Thursday, June 27, 2002

I was going to respond to the comments on this earlier post, but instead I'll make the point here. I'm finding I'm spending too much time in my own comments threads, and while I'm glad that my columns provoke such spirited responses, it's distracting from my real blog entries.

The point of freedom of religion is not to enshrine atheism (if anything, the position of most would be agnosticism, not atheism), but the problem of the imposition of a state religion, which lead to unbelievable amounts of pain and suffering all across Europe. The founders were wise to attempt to ensure that while they were a certain kind of believers, they would allow believers of other traditions to survive and prosper as well; they anticipated the growth of governmental agnosticism in the West by what were centuries.

Nobody is arguing that the United States should force atheism or even agnosticism on the people ... the point is that the United States should not force any beliefs at all on anybody; that the power of the state and the power of religion are incompatible and dangerous if mixed, as the historical record shows is incontrovertibly true. It's even more important to recognize that whether the majority of the citizenry holds a position or not is absolute immaterial (Jane Galt is not just wrong on this, but absolutely and dangerously wrong), because no other issue better illustrates the dangers of the "tyranny of the majority" as this one.

The problem is in the definition of what "forcing something on someone" is. Having it on the money is fairly innocuous, and I honestly doubt that it's really that objectionable. Forcing children to follow the Ten Commandments is, which is why I believe absolutely that any attempt to do so by a governmental institution is wrong. Writing it into the Constitution is a little less clear, because any constitution is supposed to be the basic rules and beliefs of the nation which it represents, although it does depend on where the language is and what it means. In the case of the pledge, though, it's really murky; partially because of the history involved (the addition of "under God" was a cold war propaganda tactic) and partially because it's really not that big an imposition (for the most part). Of course, politically there's no way that anybody can justify any move away from religiosity, but it should be painfully obvious that there is a difference between what is politically expedient and what is constitutionally valid. That's what the courts are there for- to ensure that politics does not trump those basic national rules.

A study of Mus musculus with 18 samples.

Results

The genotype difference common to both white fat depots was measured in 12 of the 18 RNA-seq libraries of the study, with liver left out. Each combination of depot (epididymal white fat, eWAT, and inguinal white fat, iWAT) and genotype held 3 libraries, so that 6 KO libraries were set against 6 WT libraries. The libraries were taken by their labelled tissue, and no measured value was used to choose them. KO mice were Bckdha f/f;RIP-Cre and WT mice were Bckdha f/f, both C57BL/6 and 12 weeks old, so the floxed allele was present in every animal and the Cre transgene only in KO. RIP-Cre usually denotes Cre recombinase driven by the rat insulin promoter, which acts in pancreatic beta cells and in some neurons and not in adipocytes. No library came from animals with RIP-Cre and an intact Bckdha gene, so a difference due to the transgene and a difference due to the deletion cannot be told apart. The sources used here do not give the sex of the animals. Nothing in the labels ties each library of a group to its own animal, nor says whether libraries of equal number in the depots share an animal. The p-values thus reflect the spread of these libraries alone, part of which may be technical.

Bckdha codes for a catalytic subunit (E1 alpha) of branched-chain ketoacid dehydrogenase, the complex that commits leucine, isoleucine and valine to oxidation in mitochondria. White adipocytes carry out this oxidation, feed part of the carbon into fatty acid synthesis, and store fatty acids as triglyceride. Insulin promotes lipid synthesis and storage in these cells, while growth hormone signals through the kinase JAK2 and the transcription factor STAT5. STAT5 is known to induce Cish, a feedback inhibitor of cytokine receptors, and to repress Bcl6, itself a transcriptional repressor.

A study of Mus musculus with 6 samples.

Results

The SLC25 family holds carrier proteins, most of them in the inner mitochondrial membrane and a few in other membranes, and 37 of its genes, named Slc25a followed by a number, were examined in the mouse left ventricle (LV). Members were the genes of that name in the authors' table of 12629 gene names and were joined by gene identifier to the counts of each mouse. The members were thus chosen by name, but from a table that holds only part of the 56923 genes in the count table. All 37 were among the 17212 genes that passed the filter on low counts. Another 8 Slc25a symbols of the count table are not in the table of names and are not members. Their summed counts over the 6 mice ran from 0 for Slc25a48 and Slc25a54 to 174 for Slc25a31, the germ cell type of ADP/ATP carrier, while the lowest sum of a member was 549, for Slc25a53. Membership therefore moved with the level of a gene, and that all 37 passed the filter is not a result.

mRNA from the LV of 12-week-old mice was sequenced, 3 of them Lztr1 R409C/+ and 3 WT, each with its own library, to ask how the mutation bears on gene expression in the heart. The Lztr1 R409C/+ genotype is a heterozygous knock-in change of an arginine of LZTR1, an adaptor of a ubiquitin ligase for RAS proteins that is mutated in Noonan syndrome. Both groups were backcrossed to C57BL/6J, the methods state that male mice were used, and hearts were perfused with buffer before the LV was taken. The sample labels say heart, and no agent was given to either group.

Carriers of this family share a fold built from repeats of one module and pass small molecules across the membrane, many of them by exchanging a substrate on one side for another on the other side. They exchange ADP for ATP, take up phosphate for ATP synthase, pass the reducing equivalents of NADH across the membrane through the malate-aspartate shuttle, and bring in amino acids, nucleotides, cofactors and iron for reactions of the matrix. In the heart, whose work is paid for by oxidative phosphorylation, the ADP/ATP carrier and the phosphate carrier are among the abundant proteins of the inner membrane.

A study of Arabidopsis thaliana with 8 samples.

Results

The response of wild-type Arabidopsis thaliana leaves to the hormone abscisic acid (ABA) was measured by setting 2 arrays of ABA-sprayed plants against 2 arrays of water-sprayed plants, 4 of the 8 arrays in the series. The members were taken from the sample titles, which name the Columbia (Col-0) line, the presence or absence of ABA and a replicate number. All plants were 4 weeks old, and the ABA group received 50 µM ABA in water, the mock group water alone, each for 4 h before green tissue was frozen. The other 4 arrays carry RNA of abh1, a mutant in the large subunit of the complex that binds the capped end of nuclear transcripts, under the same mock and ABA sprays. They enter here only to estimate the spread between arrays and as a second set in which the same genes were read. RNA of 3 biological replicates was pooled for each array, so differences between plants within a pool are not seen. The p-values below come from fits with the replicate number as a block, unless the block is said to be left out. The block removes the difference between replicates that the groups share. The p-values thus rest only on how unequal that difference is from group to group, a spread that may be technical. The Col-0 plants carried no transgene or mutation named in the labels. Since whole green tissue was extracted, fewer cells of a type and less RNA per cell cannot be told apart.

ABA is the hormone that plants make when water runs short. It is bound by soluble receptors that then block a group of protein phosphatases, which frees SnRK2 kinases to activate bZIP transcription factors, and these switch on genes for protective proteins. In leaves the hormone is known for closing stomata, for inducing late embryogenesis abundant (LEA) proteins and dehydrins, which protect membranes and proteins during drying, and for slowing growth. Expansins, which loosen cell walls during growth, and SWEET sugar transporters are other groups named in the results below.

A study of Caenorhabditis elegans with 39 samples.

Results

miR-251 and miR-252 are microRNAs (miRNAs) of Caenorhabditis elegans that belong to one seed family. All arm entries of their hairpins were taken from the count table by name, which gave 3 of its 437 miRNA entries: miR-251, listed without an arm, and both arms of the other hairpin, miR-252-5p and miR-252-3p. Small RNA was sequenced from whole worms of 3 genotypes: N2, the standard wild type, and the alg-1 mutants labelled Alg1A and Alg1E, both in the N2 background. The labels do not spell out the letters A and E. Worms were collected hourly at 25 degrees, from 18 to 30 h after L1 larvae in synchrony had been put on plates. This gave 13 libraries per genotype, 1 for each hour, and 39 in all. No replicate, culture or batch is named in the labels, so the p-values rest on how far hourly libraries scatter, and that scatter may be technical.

I do support the ruling of the court... the history is suspect, it does raise the spectre of Numa, and it's disturbing that any pledge of allegiance would include what appears to be a pledge of allegiance to God (which doesn't just eliminate atheists but pretty much every polytheistic religion, animistic religion, and Islamic variant). There's no way that Congress could ever alleviate that, so I think that the decision was necessary. I won't heavily oppose the S.C. if it says "no big deal", though, because that is, after all, the job of the courts. And I don't feel any animus or distaste towards the congressional Democrats, because they need to keep their religious supporters and I don't begrudge them that; liberals who ignore political reality in a quest for Bennet-style "moral clarity" are foolish and extremely so. At the same time, however, I have to repeat: mixing state and religion is a bad, bad idea.